Milgram's study illustrates that many who have had the responsibility taken from them are although not happy but content to continue with a procedure as long as they are not directly held responsible, thereby giving rise to an obedience through social bonding and situations (Hayes & Orell PG).
In this situation in a comparison with the Tuskegee experiment and Milgram's experiment it can be argued that the members of the medical team were acting under orders from the government and therefore were blameless in their experiments as were the teachers in theory only following orders, obviously this form of passing blame can be seen be as a paradigm in ethical understanding as we are all cogent beings with the ability to reason and question yet it seems when a person is actively allowing himself to take the blame as such then all reason as to ethical understandings of what is right and what is wrong is emptied from the mind.
The problems of ethics conflicting with getting the required or desired result or interfering with the speed of research and the methodology will always be used. The idea of an established and standardised framework as exists with some other profession may help solve some parts of the problem, but will not eliminate all the difficulties, as they have not done in other areas. Some problems will remain whatever framework is adopted due to the opposing aims and requirements of research and the interpretation of ethics by some people. The arguments over what problems exist and the potential solutions to those problems will continue, however if there is one definitive aspect of these problems it is that there will be no universal agreement on exactly what ethics should be adopted and how they should be applied.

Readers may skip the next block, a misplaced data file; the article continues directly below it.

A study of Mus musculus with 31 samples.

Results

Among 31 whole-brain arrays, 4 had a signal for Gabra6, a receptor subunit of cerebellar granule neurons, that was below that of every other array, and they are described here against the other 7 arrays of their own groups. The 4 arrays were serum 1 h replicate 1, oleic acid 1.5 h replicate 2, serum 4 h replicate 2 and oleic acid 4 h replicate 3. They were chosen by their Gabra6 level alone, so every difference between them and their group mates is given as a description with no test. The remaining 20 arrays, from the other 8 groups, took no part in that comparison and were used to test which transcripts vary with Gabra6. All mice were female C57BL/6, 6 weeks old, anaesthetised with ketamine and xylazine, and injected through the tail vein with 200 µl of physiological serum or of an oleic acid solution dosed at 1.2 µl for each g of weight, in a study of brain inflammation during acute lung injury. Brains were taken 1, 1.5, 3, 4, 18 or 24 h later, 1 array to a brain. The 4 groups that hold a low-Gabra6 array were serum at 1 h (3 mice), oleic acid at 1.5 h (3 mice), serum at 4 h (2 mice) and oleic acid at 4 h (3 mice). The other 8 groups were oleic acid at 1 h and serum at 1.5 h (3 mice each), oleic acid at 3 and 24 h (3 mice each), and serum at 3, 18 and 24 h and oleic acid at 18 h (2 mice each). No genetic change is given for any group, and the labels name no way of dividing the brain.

Therefore when understanding how ethics deals with experiments on man, can the scientist close his mind and allow another to take the blame, if every scientist had pangs of a moral issue every time he injected a person with a drug that had been untested on humans then science would still be in the dark ages. However, it must be argued that with out the volunteer guinea pig then science would again be no further unless the unethical solution of using "volunteers" similar to the Tuskegee experiment were to occur.
Ethics does hinder experiments but it must also be taken into consideration that ethics and morals are and do belong to the individual and are only laid down by society to meet what it believes is right.